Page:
Engine:351 M V8
Body Type:Short Bed step side
Exterior Color: Light Brown
Interior Color: Light Tan
Number of Cylinders: 8
Trim: Short bed
Drive Type: RWD
Anaconda, Montana, United States
Among the many useful pieces of driving advice we've taken to heart over the years, "Safely secure all cargo" is etched pretty high on our personal stone tablets. We've had a couple of frustrating moments over the years (numerous wonky cupholders and too-tall lidded cups; a radar detector that released its suction cups and dashed itself below the dashboard, etc.), but never anything like the scene above.
These photos above come courtesy of the Washington State Patrol, and they show the unfortunate aftermath of a driver, his dog, and his Ford Explorer after it crashed near the town of Belfair last week. According to reports, the man was schlepping five-gallon containers of paint inside his vehicle when he was involved in an unexplained accident. It's not clear what triggered the crash, but the impromptu abstract painting covered the whole of the interior, including the driver and his faithful companion.
The man was transported to a local hospital for minor injuries, and his dog was cleaned and later taken to a humane society.
'Tis the season... for road salt. And with that, comes rust. And what does rust bring? Well, for Ford and General Motors, a National Highway Traffic Safety Administration investigation. According to The Detroit News, NHTSA is looking into potential recalls issues with Chevrolet Express vans and Ford Freestar minivans.
The feds have received five complaints that rust has caused leaking fuel filler pipes on 2003 Express vans. Separately, seven complaints have been filed over excessive rust in the rear wheel wells of 2004 Ford Freestar and Mercury Monterey minivans. The Freestar and Monterey went out of production in 2007. Neither issue has resulted in any crashes or injuries, according to the report.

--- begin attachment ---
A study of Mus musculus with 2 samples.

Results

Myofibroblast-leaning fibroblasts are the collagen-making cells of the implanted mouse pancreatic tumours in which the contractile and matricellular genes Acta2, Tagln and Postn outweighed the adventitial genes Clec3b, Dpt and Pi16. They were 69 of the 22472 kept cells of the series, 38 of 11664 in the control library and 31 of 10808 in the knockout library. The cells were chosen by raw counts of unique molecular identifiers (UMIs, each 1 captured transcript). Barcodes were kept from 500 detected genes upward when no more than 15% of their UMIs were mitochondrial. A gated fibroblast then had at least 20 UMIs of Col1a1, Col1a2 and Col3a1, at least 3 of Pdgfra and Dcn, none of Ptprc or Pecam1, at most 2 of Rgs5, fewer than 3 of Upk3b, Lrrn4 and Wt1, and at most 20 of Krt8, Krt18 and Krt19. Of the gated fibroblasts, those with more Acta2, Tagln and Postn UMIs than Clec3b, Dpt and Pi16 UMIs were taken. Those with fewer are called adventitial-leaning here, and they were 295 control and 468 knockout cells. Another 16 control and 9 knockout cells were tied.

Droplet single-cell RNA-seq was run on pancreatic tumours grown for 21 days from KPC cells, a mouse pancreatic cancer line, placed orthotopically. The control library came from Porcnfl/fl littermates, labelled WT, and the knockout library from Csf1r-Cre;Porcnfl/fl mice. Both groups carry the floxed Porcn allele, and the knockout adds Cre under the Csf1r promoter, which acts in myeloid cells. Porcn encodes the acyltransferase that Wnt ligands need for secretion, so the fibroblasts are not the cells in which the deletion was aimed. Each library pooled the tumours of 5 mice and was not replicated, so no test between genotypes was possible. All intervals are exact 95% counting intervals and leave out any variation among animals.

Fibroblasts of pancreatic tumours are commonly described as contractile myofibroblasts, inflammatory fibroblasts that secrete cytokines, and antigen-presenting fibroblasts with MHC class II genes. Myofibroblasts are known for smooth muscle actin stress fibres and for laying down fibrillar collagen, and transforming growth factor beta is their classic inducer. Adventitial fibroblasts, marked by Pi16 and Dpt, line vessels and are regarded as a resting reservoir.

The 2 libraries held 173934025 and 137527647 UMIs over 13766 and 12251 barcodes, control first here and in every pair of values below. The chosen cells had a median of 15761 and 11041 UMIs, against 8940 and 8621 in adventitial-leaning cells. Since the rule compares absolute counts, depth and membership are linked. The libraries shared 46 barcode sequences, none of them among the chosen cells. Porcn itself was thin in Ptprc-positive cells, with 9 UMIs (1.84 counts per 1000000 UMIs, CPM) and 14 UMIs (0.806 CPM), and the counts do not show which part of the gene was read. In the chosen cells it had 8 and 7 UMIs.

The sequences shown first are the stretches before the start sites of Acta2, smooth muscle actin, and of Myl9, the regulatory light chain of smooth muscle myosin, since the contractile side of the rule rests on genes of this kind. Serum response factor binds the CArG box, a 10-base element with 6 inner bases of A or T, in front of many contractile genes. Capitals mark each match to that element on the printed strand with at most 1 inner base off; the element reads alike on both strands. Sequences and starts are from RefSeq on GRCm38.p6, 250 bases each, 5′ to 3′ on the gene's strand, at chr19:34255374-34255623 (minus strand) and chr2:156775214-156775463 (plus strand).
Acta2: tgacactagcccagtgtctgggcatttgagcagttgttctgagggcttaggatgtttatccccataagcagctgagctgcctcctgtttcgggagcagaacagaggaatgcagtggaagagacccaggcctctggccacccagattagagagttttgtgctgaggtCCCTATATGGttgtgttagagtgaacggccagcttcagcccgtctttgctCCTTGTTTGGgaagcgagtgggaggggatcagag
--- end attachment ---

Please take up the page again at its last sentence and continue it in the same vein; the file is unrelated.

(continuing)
You might expect a rare Ford GT40 to cross the block at some sort of prestigious auto auction from RM or Gooding, not show up on eBay for over $2 million. However, that's exactly what we have here. The seller claims the car is a late-build Mk1 GT40 from 1969, and it's currently owned by the director of the Hublot watch company in Switzerland.
According to the listing, GT40 #P1108 started life as Mk1 car that was built from factory spares in 1969 and was first sold in 1971. However, the auction is somewhat confusing. According to an image in its gallery, the vehicle was actually built from one of the seven spare Mk3 tubs when production of the iconic racers ended.
This GT40 was never built as a racecar - it lived on the streets its whole life. After assembly finished, it was sent to Germany and was eventually registered for the road. The first owner kept the car until 2005 and sold it with 7,300 miles on the odometer. The current owner bought it in 2012.